John Diehl’s career in the movie business has spanned over 30 years. He has appeared in such classic films as “Stripes” and played the Hawaiian shirt clad Larry Zito on the hit television series “Miami Vice”. Movie Mikes caught up with John to talk about some of his classic roles as well as some of his current projects.
Adam Lawton: Can you tell us about how you got involved with “Stripes”? and what it was like being a part of such a great cast?
John Diehl: I was just starting out in the business and at the time I was working on a Sam Sheppard play which called for me to have a shaved head. I went to the audition with my head being shaved already and I remember nodding back and forth with Ivan Reitman. A short time later I was delivering furniture when I got a message from my agent telling me that I got the part. As far as the cast goes I never really watched TV so I no idea who anyone was. I think this helped because I didn’t have any trepidation about anything. It wasn’t until afterwards that I found out how great everyone was. My scenes with John Candy were all improv. They really liked mine and John’s characters together. It was great because I got to take that character and make him my own. I understood that character. Ivan was too busy arguing with Bill to worry about me (Laughs) so it was a great experience.
AL: You also had a part in “National Lampoon’s Vacation” can you tell us about that and what it was like working with Chevy Chase?
JD: I still lament the fact that sometime after we finished shooting I was having dinner with Harold Ramis and I asked him if we could add in one tiny part. I wanted the part of my scene with Mickey Jones where Mickey shows Clark his badge and states “I am the Sheriff” I wish I had just said “And I’m the Deputy”. I felt so bad that I didn’t come up with that sooner. I kept asking to get that put in but it never happened. Chevy is a very reserved guy and I remember we had a picture taken of us along with
some American Indians on set. For some reason he thought that I wanted a picture taken with him. Sadly the picture got left on top of an old soda machine and I always think about that. Years later I’m walking through LAX and there is all of this commotion going on. All I see is this big guy with grey hair and a bunch of reporters. It was Chevy and he recognized me right away which was really cool that he remembered me.
AL: What was it like working with Harold Ramis both as an actor and a director?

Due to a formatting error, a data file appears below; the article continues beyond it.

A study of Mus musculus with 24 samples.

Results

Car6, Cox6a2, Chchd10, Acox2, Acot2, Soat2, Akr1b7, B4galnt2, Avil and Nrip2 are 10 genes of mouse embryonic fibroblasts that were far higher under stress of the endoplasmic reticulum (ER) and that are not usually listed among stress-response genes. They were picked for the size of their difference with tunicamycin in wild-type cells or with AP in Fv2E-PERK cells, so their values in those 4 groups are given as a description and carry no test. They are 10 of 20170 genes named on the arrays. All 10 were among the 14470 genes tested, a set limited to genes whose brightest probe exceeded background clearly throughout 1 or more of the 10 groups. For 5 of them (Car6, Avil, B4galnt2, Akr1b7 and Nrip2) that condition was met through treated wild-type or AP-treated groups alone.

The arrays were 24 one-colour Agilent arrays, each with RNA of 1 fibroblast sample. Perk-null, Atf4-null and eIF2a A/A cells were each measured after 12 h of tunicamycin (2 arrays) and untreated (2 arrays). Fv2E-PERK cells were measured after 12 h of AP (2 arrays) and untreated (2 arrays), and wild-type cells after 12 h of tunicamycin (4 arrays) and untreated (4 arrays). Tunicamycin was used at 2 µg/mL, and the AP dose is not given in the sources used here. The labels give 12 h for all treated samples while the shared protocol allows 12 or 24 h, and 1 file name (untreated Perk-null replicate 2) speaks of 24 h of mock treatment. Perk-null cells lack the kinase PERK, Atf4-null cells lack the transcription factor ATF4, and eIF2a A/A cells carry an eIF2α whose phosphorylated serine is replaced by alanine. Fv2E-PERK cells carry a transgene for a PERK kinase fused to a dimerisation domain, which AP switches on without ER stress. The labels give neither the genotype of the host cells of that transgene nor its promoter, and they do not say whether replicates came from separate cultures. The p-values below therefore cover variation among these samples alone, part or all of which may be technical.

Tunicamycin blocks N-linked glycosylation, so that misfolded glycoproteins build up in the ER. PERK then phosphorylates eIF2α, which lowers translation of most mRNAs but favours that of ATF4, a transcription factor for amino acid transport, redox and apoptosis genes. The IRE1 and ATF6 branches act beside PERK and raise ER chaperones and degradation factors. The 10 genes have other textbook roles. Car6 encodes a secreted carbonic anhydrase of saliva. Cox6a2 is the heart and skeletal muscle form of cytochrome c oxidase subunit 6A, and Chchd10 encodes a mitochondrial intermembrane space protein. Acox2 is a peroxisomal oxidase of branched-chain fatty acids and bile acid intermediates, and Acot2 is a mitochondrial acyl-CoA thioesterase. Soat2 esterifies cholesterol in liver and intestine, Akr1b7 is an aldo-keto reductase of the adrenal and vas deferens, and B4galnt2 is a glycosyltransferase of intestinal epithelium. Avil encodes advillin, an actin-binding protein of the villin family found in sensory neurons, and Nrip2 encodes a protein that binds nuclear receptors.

JD: Harold was really easy going. When he was directing he had a lot more stuff going on than when he was just acting. I don’t think he was smiling as much when he was directing. (Laughs) Overall both experiences were good.
AL: Can you tell us about your work on “Miami Vice”?
JD: There are a few stories that I guess kind of come together as to how I got that part. I remember going on an audition for the show which I think Michael Mann was at. I was wearing this long leather coat because I had to leave my play rehearsal to make it to the audition which really annoyed me. I just went into the audition kind of pissed off which I thought could be a good thing. One other thing that I think was part of me getting the role was I had done a small short called “Leon’s Case”. There was an article about the film that stated Brandon Tartikoff who was the head of NBC at the time saw me in that film and wanted me for “Miami Vice”. That show turned into something we never expected. It had created a lot of buzz but then slowed a little after the first few episodes but after that it really took off. Even though I got myself out of the show after about 3 seasons a move I don’t regret. Working on that show was a great experience and I got some great work from that show.
AL: What made you want to leave the show?
JD: I was miserable. I lived in New York at the time but spent 9 months of the year shooting in Miami. I didn’t mind going back and forth as I was single at the time. We weren’t making a ton of money on the show but it was more than I had ever made. I think it was just really depression that got the best of me. After the first season we were told that they were going to include more of us in the show but, I would show up to work and spend at times 12 hours in my 5 by 5 Honey Wagon just waiting to be called for my scene. There were times where I would show up and the scene would never end up even being shot. There was just a lot of stuff like that going on.
AL: Do you have a project that sticks out for you as a favorite?
JD: Right now I would have to say “Land of Plenty”. I played the male lead role with Michelle Williams. The film never really came out distribution wise but I still really enjoyed the process. I also enjoyed my theater work with Sam Sheppard where I got to work with some really amazing people. “End Game” which I did with John Larroquette was another great experience.
AL: Do you have any upcoming projects you can tell us about?
JD: I like doing independent movies lately. The money usually isn’t as good but the parts are really great! I did one called “Natural Selection” which won everything at this year’s South by South West Festival. The film is going on to some other festivals so I have some reserved hopes for that. I also am in talks to do a horror film in Montreal. One other thing I just finished up was with Bruce Campbell for a “Burn Notice” TV movie which aired recently.